These tips may help make congestion and sinus pressure a bit more bearable -- and help you breathe a little easier.

Nasal Congestion and Sinus Pressure: Home Treatments

What’s actually causing that stuffed up feeling? When you’ve got a cold or allergies, the membranes lining your nasal passages become inflamed and irritated. They begin to produce excess mucus as a way of flushing out whatever is causing the irritation, such as an allergen.

When you’re stuffed up, you need to focus on keeping your nasal passages and sinuses moist. Although people sometimes think that dry air might help clear up a relentlessly runny nose, it actually has the opposite effect. Drying out the membranes will irritate them further.

So to keep your nasal passages moist, you can:

  • Use a humidifier or vaporizer.
  • Take long showers or -- very carefully -- breathe in steam from a pot on the stove. 
  • Drink lots of fluids, which will thin out your mucus and may help prevent your sinuses from getting blocked up. 
  • Use a nasal saline spray – simple unmedicated salt water – to help prevent your nasal passages from drying out.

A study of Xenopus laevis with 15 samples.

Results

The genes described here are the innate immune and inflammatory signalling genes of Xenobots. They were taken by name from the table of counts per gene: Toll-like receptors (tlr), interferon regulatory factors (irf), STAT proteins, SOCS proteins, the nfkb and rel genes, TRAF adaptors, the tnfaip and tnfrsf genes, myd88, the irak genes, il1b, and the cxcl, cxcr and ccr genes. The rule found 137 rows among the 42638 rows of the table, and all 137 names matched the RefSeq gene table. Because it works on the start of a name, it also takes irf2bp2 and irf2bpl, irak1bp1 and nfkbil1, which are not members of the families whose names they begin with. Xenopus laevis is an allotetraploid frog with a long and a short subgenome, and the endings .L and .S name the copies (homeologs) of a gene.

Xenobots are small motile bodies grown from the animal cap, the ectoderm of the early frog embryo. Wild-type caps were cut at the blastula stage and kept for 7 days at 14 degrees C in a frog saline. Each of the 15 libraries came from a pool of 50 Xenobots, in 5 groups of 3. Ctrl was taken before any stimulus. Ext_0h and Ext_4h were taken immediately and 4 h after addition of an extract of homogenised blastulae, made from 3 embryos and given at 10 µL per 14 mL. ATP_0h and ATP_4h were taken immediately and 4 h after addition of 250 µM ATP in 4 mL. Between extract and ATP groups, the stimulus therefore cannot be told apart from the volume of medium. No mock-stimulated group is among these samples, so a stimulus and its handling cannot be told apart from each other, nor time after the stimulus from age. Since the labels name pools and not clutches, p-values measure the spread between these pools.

To further ease your nasal congestion and sinus pressure, here are some other things you can try at home.

  • Irrigate. It may seem odd, but the time-honored technique of flushing out nasal passages with salt water has some good scientific evidence behind it. The water washes out mucus and other debris – including allergens or germs – while keeping your nasal passages moist. There are many different approaches. You could just use a syringe, a neti pot, or one of the more elaborate and expensive nasal irrigators available in stores. Use distilled, sterile or previously boiled water to make up the irrigation solution. It’s also important to rinse the irrigation device after each use and leave open to air dry.
  • Use warm compresses on your face. Sitting with a warm, wet towel on your face may relieve discomfort and open your nasal passages.
  • Prop yourself up. At night, lie on a couple of pillows. Keeping your head elevated may make breathing more comfortable. 
  • Avoid chlorinated pools. Although you might think the moisture will help, the chlorine in pools can irritate the mucous membranes in your nasal passages.